Pushing commercialization on the International Space Station to the next level will take a combination of government will, tax incentives and regulatory clarity, said panelists at an online panel onThursday (Aug. 27).
Participants in the “Building the [low Earth orbit] LEO Economy” panel at the ISS R&D (Research and Development) conference explored how the space station is benefitting business here on Earth and what could be done to make space even more appealing to companies.
Private efforts on the space station are by no means a new idea. Management of the U.S. National Laboratory on the station was contracted to a third party, the nonprofit Center for the Advancement of Science in Space (CASIS), in 2010. That same year, SpaceX sent the first commercial cargo ship to the space station.
In photos: The world’s first space tourists
Space tourists have paid millions of dollars each for short-term stays on the station and a previous orbital complex, the Soviet-Russian Mir. Even before that, companies have hosted advertising campaigns in space, such as the time Pepsi and Coca-Cola went head to head in orbital taste tests 35 years ago.
But two things have shifted in recent discussions about privatizing the station. First, NASA is allocating 5% of the station’s resources to private spaceflight, according to several speakers at the conference. Axiom Space appears to be the first ready to take advantage of both, with a possible astronaut flight with SpaceX scheduled to launch in 2021 and a module ready for 2024 in partnership with Thales Alenia.
Second, NASA is thinking about what should replace the space station, which can last for so long, in low Earth orbit. The agency wants to give companies a head start so that they can create private facilities in the future, where NASA would be a paying customer, not the facility provider. But to prepare, companies need government funding and updated regulations, companies urged during the panel.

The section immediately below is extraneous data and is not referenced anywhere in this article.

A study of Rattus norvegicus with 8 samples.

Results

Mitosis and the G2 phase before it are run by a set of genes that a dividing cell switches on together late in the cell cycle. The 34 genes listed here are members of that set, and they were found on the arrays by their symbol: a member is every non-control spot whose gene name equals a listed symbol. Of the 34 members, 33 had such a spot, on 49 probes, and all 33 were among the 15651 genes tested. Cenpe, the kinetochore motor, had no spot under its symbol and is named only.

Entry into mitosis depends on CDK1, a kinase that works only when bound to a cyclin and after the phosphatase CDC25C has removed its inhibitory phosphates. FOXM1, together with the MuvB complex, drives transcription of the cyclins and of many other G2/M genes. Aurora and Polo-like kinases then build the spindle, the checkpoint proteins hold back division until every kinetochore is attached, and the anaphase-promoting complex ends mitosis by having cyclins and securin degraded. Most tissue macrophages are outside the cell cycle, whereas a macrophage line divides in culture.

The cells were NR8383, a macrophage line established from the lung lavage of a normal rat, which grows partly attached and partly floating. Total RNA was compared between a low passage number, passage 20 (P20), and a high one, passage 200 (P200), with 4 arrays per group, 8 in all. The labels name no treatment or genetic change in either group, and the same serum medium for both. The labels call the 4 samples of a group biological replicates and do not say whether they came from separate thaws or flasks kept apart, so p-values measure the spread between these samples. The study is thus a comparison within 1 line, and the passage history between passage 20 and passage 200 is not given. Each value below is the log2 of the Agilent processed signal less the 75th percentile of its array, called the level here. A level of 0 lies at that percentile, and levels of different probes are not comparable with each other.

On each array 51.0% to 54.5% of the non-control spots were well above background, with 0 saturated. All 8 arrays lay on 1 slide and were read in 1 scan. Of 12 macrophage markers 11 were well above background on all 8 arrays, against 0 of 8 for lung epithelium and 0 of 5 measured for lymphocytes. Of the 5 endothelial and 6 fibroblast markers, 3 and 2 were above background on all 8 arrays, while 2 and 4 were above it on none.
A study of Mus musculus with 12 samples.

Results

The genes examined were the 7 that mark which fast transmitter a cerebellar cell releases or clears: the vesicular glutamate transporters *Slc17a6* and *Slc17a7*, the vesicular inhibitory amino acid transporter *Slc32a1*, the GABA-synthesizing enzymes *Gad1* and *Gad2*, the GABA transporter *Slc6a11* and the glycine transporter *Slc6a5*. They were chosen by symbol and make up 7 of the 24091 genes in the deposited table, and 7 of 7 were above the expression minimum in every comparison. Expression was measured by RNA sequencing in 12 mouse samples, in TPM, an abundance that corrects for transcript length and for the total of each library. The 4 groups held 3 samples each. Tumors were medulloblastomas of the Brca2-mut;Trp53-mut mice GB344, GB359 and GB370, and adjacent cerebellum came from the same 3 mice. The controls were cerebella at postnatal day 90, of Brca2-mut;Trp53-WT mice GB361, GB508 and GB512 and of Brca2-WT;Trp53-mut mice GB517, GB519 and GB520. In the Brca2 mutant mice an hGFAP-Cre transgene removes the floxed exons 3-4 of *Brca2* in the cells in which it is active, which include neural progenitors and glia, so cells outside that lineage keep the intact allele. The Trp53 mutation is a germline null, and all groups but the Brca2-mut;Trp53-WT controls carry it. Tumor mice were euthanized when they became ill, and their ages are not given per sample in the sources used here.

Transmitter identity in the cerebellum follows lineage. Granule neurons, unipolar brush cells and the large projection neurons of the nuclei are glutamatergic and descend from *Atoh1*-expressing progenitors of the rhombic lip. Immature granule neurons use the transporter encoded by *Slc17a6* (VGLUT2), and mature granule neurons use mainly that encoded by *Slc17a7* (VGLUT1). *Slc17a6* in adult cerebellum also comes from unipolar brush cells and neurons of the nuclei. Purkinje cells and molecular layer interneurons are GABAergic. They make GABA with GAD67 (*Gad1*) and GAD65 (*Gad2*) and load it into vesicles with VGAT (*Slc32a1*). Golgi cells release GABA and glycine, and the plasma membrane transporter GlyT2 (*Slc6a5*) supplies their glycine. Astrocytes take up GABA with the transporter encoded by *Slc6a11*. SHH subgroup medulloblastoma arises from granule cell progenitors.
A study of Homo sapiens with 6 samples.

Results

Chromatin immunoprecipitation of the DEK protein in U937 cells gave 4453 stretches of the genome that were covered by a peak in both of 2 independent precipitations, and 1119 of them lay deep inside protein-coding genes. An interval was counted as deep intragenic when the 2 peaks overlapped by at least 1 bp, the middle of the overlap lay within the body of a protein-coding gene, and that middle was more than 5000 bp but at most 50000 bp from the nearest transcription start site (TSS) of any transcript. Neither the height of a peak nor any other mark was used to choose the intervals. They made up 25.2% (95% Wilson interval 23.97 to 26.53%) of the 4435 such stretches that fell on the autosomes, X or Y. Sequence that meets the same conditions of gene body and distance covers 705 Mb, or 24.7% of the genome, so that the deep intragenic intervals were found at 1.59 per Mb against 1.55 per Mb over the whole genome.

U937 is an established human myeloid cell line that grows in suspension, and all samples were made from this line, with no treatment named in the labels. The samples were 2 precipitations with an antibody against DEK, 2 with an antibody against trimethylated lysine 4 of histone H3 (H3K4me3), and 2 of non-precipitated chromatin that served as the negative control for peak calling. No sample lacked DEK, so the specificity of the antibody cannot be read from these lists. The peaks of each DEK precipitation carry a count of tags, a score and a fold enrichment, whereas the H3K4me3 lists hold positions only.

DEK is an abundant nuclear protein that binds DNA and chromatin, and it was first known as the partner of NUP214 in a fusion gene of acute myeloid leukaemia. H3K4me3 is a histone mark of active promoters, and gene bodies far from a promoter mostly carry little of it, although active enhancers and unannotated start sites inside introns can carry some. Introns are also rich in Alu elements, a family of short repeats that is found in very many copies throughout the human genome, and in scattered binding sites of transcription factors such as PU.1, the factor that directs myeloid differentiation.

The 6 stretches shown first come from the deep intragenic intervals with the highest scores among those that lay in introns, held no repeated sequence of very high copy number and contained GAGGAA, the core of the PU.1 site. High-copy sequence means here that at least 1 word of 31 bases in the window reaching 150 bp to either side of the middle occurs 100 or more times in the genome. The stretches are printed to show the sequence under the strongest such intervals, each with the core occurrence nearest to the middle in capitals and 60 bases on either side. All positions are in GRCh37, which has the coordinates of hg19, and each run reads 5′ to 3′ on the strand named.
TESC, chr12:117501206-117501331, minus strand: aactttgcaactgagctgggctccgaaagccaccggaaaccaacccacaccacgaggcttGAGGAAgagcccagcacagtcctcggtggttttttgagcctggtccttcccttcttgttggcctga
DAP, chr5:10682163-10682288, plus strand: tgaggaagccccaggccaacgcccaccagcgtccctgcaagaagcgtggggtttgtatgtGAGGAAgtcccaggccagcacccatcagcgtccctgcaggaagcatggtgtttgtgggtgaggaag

“The U.S. government … is still challenged a bit with the amount of money that’s available to NASA and other government agencies to push the commercial effort along,” Michael Suffredini, co-founder and CEO of Axiom, said in live remarks at the conference. Suffredini was also NASA’s space station program manager from 2005 to 2015.
Congress has been cool to the idea of commercialization, appropriating $15 million — one tenth of NASA’s $150 million request — to low-Earth orbit privatization efforts for the fiscal year 2019.
According to Suffredini, Congress needs to understand why this commercialization is important.. The financial return, he cautioned, would probably be 15 years away — but by then, he said, “I think production manufacturing in space is going to be huge.”
Additionally, companies looking to invest in space need clarity about what NASA’s plans are after the space station program, the panelists said, ends. The station program could wrap upas soon as 2024, although it may continue through 2028. The decision is subject to congressional budget priorities, which could change given the ongoing coronavirus pandemic and the upcoming election, which could see party changes in the White House or Congress in January.
“NASA needs to signal the level of use they intend to have post-ISS,” Andrew Rush, CEO of Made in Space, a company that does additive manufacturing on the space station, said during the panel. Rush also serves on the NASA advisory council for regulation and policy.
Speaking of regulation, that’s another muddy area for space commercialization, particularly regarding how non-governmental entities operating in space are supervised. There was a long discussion among panelists concerning Article 6 of the Outer Space Treaty, which says that nations that signed the treaty of international responsibility for governmental and non-governmental entities in space. The panelists agreed that more clarity is needed for companies to figure out what to do next.
Some players in the low-Earth orbit economy aren’t even going all the way up to orbit, Richard DalBello, Virgin Galactic’s vice president of business development, added. Virgin and its competitor Blue Origin are working to fly both space tourists and commercial payloads on brief suborbital rides. DalBello said that the four to five minutes of microgravity Virgin provides is enough to do fundamental research.
According to Bryce Analytics and Engineering CEO Carissa Christensen, all parties involved should think hard about how low-Earth orbit activities can benefit people and companies on Earth.
The clock is ticking, Nicole Wagner, president and CEO of biotechnology startup and retinal implant researcher LambdaVision, said.Companies feel that commercialization efforts are starting to hit their stride, and acceleration is needed soon, she said. What is next for low Earth orbit commercialization generally, and the International Space Station specifically, are “really important discussions” that need to be clarified soon, to learn “what’s currently available to companies like myself — and future companies — to do manufacturing on board” the space station, Wagner added.